Tuesday, 1 May 2018

The Gates of Death

Remember how I started the last entry, for The Port of Peril?

Of course you do, you read this blog every day.

The _____ of _____. It's back for this latest entry in the Fighting Fantasy series, the first all-new title in what must be the 400th relaunch of the franchise - The Gates of Death.

The new cover designs are awful, but if The Gates of Death is a sign of what's to come for the series, it appears to be in good hands (not evil hands, like those things in the Warlock PC adaptation. Good game though.)

The premise is pretty generic - there's a disease spreading across Allansia that's turning everyone into zombie-like demons - but within those confines, it appears author Charlie Higson has created a late-era classic.

I say 'it appears', as opposed to 'has', for the usual reason - I died. Probably early. Didn't help that you begin the adventure not only with no food and no weapons, but lose five STAMINA points in the first f**king paragraph.

That's the most brutal opening sequence since Up.

He waited decades for a sequel to Robot Commando, but it never came.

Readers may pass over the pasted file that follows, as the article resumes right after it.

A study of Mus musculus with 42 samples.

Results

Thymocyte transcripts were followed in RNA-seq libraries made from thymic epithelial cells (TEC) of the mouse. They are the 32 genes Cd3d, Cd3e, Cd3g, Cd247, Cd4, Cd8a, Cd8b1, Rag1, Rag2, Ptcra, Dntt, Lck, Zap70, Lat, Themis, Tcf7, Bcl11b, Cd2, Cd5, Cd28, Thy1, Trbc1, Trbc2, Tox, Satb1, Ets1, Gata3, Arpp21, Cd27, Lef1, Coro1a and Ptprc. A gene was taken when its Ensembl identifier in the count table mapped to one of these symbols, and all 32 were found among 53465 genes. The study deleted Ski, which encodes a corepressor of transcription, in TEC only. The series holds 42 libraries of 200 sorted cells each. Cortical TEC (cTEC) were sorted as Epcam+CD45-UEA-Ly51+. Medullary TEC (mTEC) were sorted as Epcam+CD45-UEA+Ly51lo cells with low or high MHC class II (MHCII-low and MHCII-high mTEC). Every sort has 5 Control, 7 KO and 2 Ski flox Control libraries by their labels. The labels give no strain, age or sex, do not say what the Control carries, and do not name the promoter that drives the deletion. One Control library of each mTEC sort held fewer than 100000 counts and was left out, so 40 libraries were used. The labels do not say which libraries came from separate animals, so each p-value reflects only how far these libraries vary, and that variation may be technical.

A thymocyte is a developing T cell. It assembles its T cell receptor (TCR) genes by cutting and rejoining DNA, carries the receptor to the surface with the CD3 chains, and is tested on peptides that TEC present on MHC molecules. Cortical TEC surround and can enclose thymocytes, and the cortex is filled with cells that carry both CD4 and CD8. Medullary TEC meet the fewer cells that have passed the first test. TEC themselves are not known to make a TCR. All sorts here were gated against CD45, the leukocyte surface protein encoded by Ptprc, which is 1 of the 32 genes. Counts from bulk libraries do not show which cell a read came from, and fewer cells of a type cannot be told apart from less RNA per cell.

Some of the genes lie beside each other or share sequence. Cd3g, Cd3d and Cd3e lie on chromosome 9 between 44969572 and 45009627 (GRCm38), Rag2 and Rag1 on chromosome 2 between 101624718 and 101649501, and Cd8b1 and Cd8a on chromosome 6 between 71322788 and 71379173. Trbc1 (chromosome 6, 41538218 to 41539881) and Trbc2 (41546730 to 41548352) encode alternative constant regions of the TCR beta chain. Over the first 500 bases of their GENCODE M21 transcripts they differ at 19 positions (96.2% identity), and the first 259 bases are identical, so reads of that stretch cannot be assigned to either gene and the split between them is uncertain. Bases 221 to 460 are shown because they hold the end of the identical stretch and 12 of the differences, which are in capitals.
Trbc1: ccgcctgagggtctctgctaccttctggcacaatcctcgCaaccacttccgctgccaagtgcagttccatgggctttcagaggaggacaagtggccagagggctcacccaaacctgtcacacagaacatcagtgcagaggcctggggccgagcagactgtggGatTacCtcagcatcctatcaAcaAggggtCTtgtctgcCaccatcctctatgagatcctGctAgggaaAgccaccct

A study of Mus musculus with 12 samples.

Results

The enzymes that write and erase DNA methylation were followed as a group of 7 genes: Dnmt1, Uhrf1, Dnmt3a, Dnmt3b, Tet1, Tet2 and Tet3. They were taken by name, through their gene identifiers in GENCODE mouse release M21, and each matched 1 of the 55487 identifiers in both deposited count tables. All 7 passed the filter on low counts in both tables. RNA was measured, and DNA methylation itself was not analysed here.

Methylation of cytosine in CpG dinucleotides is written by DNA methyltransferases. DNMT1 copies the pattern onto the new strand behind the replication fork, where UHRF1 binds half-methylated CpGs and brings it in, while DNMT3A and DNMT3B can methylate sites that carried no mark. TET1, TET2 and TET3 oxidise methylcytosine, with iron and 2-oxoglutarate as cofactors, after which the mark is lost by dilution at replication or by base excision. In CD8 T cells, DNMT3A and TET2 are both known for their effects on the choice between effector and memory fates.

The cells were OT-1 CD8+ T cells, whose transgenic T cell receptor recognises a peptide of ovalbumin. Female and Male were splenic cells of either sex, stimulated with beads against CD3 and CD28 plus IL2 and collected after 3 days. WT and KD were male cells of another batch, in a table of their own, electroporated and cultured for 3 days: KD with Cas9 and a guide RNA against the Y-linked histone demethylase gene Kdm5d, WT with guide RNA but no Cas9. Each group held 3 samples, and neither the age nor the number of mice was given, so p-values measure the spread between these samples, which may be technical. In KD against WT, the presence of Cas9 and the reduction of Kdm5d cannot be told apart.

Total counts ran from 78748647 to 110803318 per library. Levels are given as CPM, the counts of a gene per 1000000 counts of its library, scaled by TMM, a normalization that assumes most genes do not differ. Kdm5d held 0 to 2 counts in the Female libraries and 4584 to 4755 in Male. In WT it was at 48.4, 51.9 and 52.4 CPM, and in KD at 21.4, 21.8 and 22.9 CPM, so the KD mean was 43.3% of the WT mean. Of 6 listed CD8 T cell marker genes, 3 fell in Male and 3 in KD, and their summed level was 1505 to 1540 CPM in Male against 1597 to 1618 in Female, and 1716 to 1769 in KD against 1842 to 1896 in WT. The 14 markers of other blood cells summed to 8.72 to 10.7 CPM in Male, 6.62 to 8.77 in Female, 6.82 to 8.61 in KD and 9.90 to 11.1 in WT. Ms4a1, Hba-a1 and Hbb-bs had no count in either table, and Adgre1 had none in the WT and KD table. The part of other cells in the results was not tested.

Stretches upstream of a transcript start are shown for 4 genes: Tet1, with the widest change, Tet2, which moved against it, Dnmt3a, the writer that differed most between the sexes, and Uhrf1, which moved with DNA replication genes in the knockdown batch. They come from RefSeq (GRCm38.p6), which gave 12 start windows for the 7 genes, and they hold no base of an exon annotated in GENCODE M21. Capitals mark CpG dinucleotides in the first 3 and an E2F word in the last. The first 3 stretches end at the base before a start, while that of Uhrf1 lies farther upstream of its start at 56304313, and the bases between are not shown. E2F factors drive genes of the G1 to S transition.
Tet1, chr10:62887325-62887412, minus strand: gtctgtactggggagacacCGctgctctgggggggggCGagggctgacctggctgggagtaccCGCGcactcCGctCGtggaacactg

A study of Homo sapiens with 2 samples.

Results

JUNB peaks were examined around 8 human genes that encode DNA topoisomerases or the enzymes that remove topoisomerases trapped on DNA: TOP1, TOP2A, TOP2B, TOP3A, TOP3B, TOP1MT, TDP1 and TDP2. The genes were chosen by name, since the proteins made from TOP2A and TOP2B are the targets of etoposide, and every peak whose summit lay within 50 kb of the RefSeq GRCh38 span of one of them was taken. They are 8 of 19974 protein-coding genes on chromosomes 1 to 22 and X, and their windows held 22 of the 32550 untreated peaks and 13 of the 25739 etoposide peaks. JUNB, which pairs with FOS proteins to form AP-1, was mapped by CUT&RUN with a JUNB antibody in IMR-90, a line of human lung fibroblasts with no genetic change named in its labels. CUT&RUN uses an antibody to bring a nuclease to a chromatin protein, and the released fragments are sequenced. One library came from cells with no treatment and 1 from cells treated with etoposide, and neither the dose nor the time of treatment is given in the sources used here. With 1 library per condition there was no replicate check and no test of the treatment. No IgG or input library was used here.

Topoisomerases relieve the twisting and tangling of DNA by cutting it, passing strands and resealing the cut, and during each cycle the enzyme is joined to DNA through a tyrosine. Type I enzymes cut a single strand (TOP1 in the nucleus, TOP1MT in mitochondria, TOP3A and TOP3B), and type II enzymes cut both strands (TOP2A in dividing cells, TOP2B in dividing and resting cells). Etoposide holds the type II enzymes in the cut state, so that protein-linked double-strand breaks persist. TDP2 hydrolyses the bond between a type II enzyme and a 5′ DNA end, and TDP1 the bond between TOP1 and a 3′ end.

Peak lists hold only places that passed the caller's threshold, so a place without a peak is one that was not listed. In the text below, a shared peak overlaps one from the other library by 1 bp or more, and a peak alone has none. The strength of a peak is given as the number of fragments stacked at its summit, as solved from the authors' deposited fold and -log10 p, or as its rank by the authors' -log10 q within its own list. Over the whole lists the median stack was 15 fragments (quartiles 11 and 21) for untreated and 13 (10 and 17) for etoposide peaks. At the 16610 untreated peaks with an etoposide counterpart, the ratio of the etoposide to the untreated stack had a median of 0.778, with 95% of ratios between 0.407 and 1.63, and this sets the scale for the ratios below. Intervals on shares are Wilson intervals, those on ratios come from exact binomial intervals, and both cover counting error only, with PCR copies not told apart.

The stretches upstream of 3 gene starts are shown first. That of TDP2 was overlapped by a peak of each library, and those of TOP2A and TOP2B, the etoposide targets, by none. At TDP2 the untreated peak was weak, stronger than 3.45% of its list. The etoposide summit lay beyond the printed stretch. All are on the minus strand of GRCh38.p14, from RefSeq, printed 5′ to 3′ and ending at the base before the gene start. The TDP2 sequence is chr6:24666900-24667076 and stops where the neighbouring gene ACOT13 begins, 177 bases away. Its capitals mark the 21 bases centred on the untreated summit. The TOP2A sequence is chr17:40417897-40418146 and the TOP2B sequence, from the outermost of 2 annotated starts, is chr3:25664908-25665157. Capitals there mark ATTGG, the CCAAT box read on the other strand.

My mission to rid Allansia of this plague took me to the court of Lord Azzur, on a coach ride with a couple of women who didn't mind picking up a hitch-hiking stranger carrying an ancient Egyptian weapon, and into a town with literal purple rain.

If you would like to party, turn to 1999.
Having failed to complete the book, I'm not yet sure if this is a Livingstone-style fetch-quest ('If you have a frog in your pocket, turn to...' This actually happened) or an inscrutable Jackson puzzle. It seems like the former, but with twists, like the 'Nostalgia' perfume, which acts like a videogame restore point, and weapons which have varied effects on Attack Strength and damage.

Very early on I was being asked if I had certain items, which suggested various paths are on offer right from the very beginning.

For the record, I died after a big spend-up in Salamonis - that town with the purple rain. I can't remember if any of the shopkeepers were selling winged boots, but if you see them on the shelf, grab them. Trust me.

(Seriously, I can't get over the purple rain thing. I'm on a massive Prince buzz at the moment - I've spent half the day today playing with a software emulation of the LM-1 drum machine that underpins most of his classic music, and am half-watching a live gig on YouTube from 1985 as I type - and for this book to arrive in my letterbox, with this scene in it, is weirding me out.)

At least the author's name is on the cover, I guess.
This time around, there will be no Emancipation for Allansia. No victory Parade for me. Something something Batman.